Larry Cantrell (BBA 76) has survived the ups and downs of the commercial real estate development business and overseen the founding and proliferation of two successful companies, but the former Rebel offensive lineman gets most excited when talking about the Ole Miss Rebels’ return to Dallas for the 2010 AT&T Cotton Bowl Classic.
For seven years, Cantrell has served on the Cotton Bowl Board of Directors and while it’s a job with both perks and rigorous responsibilities, he couldn’t be happier to see his alma mater’s ball club return to his adopted hometown.
“It’s a very historic occasion,” he said of the impending return trip. “After 73 years of being in Fair Park at the Cotton Bowl Stadium and Ole Miss playing the last game there and now being in the first game in our new stadium, Cowboys Stadium, it’s out with the old and in with the new, and Ole Miss is the one that’s doing that. We think that is a wonderful legacy for Ole Miss and something to be proud of.”
Cantrell was nominated to the board for what was originally a two-year term. But his enthusiastic involvement has seen his spot on the board renewed time after time. He also serves on the Cotton Bowl selection committee. It’s one of the many perks to be able to travel around to officially scout potential teams. But Cantrell says he always makes sure his name is on the list when it comes time to scout Ole Miss.
“I try to get back to Oxford every chance I get,” he said. “I’m a season ticket holder, so I get over there as often as I can.”
One of Cantrell’s many responsibilities is to serve as an official team host. This year he is the official host for Ole Miss. “It’s a real treat for me when Ole Miss is in the Cotton Bowl. It doesn’t get any better than that. “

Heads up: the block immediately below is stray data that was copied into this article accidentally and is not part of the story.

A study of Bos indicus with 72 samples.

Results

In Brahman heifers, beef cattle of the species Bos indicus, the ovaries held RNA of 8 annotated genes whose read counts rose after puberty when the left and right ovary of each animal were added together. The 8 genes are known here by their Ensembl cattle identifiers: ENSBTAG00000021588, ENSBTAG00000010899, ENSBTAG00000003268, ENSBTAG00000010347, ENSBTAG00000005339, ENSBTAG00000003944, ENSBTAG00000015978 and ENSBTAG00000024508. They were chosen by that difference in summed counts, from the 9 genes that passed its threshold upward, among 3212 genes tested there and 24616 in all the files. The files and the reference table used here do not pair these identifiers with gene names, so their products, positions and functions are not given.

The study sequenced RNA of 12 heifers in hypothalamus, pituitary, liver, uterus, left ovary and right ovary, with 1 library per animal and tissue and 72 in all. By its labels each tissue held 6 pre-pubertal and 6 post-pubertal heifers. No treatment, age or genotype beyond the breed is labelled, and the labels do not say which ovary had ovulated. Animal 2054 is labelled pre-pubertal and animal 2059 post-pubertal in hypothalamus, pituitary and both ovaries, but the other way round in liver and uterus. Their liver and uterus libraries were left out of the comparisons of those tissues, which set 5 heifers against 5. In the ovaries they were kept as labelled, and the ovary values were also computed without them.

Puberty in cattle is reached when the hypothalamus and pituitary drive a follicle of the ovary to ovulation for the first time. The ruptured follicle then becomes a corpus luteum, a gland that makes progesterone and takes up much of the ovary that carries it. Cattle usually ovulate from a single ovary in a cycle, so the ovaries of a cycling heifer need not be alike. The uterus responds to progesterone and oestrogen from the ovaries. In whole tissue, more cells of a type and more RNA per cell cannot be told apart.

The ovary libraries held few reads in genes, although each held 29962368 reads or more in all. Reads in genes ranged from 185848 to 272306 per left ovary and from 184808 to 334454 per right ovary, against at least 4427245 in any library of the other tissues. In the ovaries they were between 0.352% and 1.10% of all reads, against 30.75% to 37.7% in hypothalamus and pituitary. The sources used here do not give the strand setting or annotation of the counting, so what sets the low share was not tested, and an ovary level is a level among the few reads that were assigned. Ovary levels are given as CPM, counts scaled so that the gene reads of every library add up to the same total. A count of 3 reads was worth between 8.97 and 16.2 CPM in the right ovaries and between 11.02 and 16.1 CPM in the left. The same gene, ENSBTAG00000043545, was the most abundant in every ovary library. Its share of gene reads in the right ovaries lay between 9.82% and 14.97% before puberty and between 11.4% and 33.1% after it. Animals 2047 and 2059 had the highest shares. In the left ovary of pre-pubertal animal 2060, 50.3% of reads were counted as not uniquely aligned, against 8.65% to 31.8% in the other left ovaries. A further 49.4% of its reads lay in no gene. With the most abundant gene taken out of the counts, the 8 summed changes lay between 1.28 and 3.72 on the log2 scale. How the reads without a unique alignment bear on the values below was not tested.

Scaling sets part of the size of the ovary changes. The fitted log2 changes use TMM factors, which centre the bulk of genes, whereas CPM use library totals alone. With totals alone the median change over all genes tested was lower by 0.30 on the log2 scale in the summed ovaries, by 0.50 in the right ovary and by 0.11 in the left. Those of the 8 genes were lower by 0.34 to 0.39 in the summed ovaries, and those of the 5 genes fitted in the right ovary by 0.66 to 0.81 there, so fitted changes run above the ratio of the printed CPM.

Cantrell, a Covington, La. native who came to Ole Miss on a football scholarship in 1972, first moved to Dallas upon graduating with a degree in marketing. He entered the high-flying world of commercial real estate development and enjoyed an eventful career. But when the S&L crisis of the 1980s collided with an economic downturn, Cantrell found himself searching for a new line of work.
He connected with Dr. Bill Kellas, founder of The Center For Advanced Medicine in San Diego. Kellas, who holds a PhD in nutritional biochemistry, had developed a dietary supplement that he sold in his clinic, but didn’t have the business acumen to take it to market. That’s where Cantrell came in, as he put together a direct sales program that put the product in the hands of consumers, and supplemented it with sales in various clinics.
“I got in that business thinking it would be a short term thing to support that one product,” Cantrell said. “But the product line grew and the customer base grew. So here we are 14 years later. We’ve brought to market about 35 different health and wellness products, functional foods, dietary supplements and nutriceuticals.”
As the product line grew, the team also developed a patented process to harvest coffee fruit and produce a functional beverage called Sozo from it. The new company, Sozo Global, calls the resultant ingredient “coffeeberry” and decided to build a new company around it.
“Most people just know the bean, they don’t know the fruit,” said Cantrell. “Obviously the market dictates that people pull the fruit off the tree and just rip out the bean. But the fruit that surrounds the bean is a whole cornucopia of nutrition.”
Like most entrepreneurs, Cantrell is prone to speak in excited tones about his company and its prospects. But that level of excitement revs up even more when talking about Ole Miss in the Cotton Bowl.